The Eastern Rosella above has very long nails while sitting on an undersized perch. In the not-too-distant future the nails on the front toes can irritate and/or puncture the rear toes causing sores known as “bumble foot” possibly leading to a foot infection.
From last week’s Birdie Brunch table 19 writes – Hi WCP folks,
I really enjoy the birdie brunch. I have tried to search the archives but can’t figure out how. I’m wondering what your opinion is on nail clipping for lovebirds. It seems like some people swear that it’s critical, while others suggest only if they get long. But how long is too long? I’ve had my bird for over a year and haven’t clipped her nails. (She’s about 18 months old.) They are about 5 mm long, and don’t appear to be getting in her way, or curling all the way around any of her perches, but I’d be happy to do it if it’s the right thing.
Thanks! Talia a Customer
if only my bird was this cooperative
Before Catherine answers this question now is the perfect time to bring toweling to the discussion. if you going to have a big bird you’ll need to master the art of toweling. Simple tasks like nail trimming will go smoothly if you’re able to restrain your bird in a towel or Avistraint. A helper will always be welcome too.
Small birds can be restrained quite easily as illustrated below. You probably still need a helper because as you’ll find out toenail trimming requires two hands.
For small birds, use your thumb and last two digits to cradle the wings and restrain the head with the second and third digits
All caged birds may need their nails clipped. The smaller birds have so little weight, they usually grow their nails long as they cannot rely on their weight to help them keep them filed on a pedicure perch.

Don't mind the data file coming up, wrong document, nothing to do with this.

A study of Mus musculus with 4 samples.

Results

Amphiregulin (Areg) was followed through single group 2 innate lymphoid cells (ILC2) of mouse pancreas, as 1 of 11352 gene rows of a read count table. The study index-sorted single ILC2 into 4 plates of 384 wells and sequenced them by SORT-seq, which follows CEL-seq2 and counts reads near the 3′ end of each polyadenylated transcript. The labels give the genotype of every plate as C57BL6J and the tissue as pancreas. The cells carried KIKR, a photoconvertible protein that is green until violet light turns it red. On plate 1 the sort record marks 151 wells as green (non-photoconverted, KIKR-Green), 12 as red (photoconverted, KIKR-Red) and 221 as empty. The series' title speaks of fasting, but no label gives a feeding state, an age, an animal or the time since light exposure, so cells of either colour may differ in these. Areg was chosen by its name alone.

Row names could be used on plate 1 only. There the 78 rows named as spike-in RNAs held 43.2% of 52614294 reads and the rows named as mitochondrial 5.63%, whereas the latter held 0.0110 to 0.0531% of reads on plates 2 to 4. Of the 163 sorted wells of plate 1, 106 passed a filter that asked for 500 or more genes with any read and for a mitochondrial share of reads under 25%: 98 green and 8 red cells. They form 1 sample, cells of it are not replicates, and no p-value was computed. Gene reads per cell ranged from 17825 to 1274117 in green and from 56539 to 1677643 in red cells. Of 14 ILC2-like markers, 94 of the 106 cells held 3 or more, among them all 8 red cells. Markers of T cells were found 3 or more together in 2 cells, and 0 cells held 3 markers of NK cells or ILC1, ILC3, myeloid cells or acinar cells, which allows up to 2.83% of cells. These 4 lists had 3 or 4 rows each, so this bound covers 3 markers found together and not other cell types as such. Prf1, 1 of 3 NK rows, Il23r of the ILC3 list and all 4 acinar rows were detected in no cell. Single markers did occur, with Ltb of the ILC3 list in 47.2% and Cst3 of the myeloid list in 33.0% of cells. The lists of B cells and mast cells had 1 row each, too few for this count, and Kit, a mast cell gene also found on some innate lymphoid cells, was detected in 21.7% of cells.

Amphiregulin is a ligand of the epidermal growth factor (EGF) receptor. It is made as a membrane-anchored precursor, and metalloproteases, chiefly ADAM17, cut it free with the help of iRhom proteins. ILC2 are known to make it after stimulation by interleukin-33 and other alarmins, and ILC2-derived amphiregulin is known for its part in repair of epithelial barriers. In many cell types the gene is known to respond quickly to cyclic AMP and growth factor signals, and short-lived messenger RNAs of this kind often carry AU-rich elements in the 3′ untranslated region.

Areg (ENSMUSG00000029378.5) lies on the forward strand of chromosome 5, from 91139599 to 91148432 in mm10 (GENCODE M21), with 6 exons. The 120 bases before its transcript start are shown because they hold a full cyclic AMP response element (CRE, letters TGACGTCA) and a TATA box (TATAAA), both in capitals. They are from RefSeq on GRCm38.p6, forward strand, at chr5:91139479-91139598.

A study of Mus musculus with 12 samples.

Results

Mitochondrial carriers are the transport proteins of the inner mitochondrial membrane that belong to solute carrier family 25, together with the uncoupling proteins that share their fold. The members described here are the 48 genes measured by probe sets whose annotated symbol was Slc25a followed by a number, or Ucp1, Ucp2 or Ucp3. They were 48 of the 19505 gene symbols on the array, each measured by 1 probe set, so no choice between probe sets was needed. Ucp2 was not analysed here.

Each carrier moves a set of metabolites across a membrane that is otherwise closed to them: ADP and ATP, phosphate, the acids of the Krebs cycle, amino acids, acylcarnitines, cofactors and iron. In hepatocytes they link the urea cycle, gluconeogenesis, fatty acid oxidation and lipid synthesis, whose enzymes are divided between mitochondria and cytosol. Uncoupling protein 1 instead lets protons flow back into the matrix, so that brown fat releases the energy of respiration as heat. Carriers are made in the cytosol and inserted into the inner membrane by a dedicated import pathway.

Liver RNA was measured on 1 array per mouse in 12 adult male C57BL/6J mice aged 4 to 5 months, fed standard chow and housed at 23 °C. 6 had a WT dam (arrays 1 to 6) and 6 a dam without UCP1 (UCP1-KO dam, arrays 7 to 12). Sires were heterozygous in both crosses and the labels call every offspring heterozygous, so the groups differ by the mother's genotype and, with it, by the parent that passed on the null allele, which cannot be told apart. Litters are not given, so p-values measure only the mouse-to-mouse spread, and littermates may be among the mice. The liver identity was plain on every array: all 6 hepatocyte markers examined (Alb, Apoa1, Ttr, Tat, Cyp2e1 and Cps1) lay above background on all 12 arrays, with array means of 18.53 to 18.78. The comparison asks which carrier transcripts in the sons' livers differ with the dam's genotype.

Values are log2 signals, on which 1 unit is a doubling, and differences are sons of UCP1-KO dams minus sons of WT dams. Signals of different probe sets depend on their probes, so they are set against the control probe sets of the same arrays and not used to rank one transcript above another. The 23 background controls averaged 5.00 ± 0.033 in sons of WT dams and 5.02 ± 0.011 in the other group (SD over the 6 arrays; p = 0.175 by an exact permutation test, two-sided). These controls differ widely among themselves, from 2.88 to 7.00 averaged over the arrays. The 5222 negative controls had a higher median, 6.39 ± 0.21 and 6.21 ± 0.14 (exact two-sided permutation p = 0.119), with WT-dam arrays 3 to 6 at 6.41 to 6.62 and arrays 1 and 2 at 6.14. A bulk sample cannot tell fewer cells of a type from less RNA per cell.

If your birds nails are getting hung up in things, fabric, carpeting, clothes, they should be clipped. If their nails prevent their toes from closing onto a perch well, then they need clipping. If they are starting to curl, they need clipping. A curve is fine but if they are starting to curve beyond a 1/3 of the way around a perch (imagine a circle) then they need clipping.
Yes, get started clipping using the proper nail scissors, just do the very tips to start, it will help you get used to it and ease your tension, you can always clip a bit more.
Feathered factoid: in an emergency should you not have any blood clotting agent in your bird keepers toolkit you can drag the birds nail along the top of a bar of soap. It’s an old caged bird keepers trick.
As time goes by, you will become better at it, clip a bit, look at the nail, you may be able to see inside and if you see space with no vein, then give it a bit more of a clip.
Thank you – Catherine
I’m going to jump in here and advocate a rotary trimmer as a more humane method for birds. it’s much less likely to cause any bleeding because it is far less guessing as to where the quick is. The problem of knowing where the quick is is illustrated below
The rotary trimmer can also be used for many projects and hobbies around your home so it becomes small but worthwhile investment. With that commercial announcement out of the way let’s come full circle and talk about the implications of a parrot pedicure.
It’s not uncommon for people who keep their birds wings clipped, to clip the wings and trim the nails at the same time be it done by a professional or DIY. After a wing clipping and or a nail trimming session you’ll want to watch your bird closely for the next few hours (day or 2 ??) especially in his or her cage cage.
Birds with trimmed nails may not be able to grip certain perches in the cage is easily is they had with the longer nails. A parrot with clipped wings is a bird with a reduced sense of balance. Don’t allow your bird to injure itself with this perfect storm of reduced grip and reduced sense of balance. A loud noise or a thunderstorm in the middle of the night could startle your bird causing him or her to easily slip off of perch and fall somewhere in the cage potentially injuring itself – you’ve been warned.
written by mitch rezman & catherine tobsing
“I’m sorry I thought we were talking about bird pedicures today”
He's handled a 1000 birds of numerous species when they visited monthly birdie brunches in the old Portage Park (Chicago, IL) facility. The one with the parrot playground.Mitch has written and published more than 1100 articles on captive bird care.He's met with the majority of CEO's and business owners for most brands in the pet bird space and does so on a regular basis.He also constantly interacts with avian veterinarians and influencers globally.